My work is finally catching up to the present and buying my group iPads. My group does extensive field work and currently uses giant laptops to run our GIS software, Google Earth being one of the primary pieces of software.

How can I load a KMZ that contains 3 layers of data that is 600kb in size onto my iPad and be able to view it through the GE iPad app?

Does it have to be hosted or can I load it locally on the iPad?

  • OK, this is what I have done, that does not happen. Do you mind telling me what version of Safari are you running? And to verify, this is from your iPad that you ar opening these right? All Safari does is opens the KML file in the browser as XML code??? – Bela Oct 30 '12 at 1:08

Mapbox seems to be right up your alley! Use iTunes to copy the KML/KMZ or even GeoRSS over to the iPad. Simple as pie and works great.



I asked an iPad whiz, and he said that one possible way is to e-mail yourself the kmz file, have your e-mail client open it, and hope that iOS knows to open Google Earth in opening the attachment. He says that iPad has no "desktop" per se, so it doesn't work as one might expect a Mac or PC to work...


Best way I have found is to use Google MyMaps. From Google Map, click MyMaps(must be signed in to your Google account), and select 'Create a New Map' and 'Import'. You can upload KML/Zs up to 10MB(uncompressed) and then access them from the Google Earth iOS app. You can turn the layers on or off, and zoom to individual features from each layer.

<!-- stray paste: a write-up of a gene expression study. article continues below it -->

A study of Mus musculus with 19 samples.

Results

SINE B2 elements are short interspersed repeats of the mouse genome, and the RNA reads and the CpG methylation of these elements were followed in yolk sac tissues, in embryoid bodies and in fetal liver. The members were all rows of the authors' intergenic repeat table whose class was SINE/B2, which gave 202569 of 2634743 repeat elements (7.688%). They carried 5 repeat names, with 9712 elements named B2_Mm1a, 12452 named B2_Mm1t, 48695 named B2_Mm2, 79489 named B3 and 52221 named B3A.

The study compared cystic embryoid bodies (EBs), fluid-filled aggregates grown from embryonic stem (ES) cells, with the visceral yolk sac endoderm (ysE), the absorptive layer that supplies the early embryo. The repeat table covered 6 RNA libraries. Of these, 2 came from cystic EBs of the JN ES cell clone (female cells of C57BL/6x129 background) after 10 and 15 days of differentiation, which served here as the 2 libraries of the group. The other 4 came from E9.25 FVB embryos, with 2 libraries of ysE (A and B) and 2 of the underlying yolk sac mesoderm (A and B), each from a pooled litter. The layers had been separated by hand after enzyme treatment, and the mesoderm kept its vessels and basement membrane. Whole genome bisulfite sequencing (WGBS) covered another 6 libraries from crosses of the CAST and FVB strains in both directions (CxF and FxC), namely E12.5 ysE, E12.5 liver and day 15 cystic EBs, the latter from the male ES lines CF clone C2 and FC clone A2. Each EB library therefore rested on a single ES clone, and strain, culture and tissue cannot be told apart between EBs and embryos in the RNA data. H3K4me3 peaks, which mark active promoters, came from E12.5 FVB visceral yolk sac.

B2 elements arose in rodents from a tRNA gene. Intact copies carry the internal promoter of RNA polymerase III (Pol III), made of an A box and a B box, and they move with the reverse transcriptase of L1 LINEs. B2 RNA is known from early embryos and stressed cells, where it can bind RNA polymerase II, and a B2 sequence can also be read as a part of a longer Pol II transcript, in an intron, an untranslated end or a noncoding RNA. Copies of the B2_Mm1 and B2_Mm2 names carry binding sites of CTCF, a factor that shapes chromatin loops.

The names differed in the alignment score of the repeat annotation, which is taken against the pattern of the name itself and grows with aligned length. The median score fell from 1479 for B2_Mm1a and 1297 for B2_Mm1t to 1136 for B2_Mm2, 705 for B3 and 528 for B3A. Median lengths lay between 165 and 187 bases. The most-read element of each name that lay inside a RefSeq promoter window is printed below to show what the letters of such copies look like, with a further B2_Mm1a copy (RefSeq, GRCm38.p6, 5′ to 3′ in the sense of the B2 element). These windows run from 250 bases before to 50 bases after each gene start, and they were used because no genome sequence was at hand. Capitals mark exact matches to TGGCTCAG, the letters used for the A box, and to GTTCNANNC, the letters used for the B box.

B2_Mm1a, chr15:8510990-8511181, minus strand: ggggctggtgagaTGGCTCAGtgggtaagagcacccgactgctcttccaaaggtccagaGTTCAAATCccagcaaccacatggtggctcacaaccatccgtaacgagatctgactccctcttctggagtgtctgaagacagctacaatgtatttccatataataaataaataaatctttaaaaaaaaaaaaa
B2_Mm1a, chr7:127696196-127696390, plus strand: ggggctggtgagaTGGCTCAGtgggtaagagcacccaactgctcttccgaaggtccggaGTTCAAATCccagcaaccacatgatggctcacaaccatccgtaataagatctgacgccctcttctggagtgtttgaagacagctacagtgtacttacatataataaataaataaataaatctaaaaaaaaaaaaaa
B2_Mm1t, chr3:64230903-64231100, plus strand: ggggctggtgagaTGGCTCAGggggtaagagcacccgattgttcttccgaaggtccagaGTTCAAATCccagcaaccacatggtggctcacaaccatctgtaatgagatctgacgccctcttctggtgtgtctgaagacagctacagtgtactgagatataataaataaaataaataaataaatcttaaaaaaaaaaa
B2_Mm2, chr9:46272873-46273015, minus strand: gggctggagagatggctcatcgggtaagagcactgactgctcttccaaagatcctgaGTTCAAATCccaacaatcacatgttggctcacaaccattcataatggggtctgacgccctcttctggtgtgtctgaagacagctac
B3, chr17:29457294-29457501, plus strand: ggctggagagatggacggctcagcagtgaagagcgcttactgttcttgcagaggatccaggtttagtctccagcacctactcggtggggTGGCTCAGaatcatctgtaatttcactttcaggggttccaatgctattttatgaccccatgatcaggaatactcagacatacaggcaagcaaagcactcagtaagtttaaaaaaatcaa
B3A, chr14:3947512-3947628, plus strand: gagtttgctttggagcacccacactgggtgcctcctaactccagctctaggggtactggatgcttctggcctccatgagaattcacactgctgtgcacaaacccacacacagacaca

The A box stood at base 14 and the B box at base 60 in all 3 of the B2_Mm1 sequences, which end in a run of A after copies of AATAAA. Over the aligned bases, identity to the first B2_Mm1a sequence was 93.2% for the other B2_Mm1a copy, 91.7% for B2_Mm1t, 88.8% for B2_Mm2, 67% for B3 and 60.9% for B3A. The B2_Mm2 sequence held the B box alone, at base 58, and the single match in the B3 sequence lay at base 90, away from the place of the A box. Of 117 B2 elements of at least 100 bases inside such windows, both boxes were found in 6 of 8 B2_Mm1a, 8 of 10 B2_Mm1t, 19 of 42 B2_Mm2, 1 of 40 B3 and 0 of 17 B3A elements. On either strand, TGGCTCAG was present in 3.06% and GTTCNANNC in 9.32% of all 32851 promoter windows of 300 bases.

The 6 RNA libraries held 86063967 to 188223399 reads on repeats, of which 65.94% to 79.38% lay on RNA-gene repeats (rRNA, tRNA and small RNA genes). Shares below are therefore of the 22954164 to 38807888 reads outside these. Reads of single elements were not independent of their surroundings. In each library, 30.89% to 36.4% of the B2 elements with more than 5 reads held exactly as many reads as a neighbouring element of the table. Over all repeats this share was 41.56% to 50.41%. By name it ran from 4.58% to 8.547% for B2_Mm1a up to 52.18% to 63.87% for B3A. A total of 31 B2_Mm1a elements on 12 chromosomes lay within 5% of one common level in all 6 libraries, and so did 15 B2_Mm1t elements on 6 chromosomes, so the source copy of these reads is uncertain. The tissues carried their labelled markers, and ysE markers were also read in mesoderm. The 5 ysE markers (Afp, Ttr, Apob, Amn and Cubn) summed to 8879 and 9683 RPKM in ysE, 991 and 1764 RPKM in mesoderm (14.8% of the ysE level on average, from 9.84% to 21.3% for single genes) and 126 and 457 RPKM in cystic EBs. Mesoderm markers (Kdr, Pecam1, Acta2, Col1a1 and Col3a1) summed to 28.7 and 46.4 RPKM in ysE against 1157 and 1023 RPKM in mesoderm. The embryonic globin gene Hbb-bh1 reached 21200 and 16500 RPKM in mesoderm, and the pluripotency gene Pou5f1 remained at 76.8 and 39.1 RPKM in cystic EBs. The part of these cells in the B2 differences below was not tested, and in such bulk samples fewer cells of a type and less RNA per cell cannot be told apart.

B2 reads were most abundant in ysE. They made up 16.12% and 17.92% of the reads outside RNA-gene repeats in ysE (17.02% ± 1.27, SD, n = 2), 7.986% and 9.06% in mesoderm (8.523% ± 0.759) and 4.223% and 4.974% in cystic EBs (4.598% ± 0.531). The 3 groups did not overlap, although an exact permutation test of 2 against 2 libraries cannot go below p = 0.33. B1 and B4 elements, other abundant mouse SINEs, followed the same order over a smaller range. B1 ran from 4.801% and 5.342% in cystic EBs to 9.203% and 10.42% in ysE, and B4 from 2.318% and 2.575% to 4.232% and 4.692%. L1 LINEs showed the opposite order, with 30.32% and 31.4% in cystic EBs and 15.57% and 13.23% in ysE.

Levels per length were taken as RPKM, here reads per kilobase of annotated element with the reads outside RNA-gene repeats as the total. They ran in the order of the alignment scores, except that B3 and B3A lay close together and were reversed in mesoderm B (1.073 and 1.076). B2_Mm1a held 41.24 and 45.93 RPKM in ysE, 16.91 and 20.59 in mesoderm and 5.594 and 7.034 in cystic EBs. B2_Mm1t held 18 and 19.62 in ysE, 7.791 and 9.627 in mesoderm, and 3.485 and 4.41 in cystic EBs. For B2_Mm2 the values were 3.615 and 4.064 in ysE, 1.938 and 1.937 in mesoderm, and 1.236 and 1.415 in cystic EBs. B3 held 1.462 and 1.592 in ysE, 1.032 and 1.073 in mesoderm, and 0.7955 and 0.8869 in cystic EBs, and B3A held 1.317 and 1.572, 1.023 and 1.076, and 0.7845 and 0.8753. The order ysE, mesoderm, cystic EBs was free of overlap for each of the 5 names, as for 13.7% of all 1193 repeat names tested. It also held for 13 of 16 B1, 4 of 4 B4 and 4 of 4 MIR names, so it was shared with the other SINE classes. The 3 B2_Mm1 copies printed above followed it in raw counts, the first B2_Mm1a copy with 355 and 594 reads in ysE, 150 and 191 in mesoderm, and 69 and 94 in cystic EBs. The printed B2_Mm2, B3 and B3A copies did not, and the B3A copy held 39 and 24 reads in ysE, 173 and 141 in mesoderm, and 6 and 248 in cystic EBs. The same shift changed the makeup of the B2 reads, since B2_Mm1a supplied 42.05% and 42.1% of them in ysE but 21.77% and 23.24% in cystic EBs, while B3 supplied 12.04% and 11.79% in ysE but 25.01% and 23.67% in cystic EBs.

It is possible to open KML/Z attachements from email as Howard Y suggests, but I've only had success with this approach with the simplest of KMLs. On more complex files, such as with network links, many features, etc, Google Earth will open and fail to render anything. Another drawback with this approach is that the KML will not show up in the layer listing, so there is no option to turn it on or off, and managing 3 layers may not be possible.


We found it very useful to load KMZ files to the iPad through the KMZ Loader.

To use it, you email the file to yourself or use dropbox to access the file on the iPad. Then you select it to be opened with KMZ loader, NOT directly with Google Earth.

From inside KMZ loader you can then launch the file with Google Earth. It's weird that Google Earth doesn't do that directly, but this method works.


Put your KML/KMZ files on a web server. When you browse to them on the iPad, Safari will ask if you want to open it in Google Earth.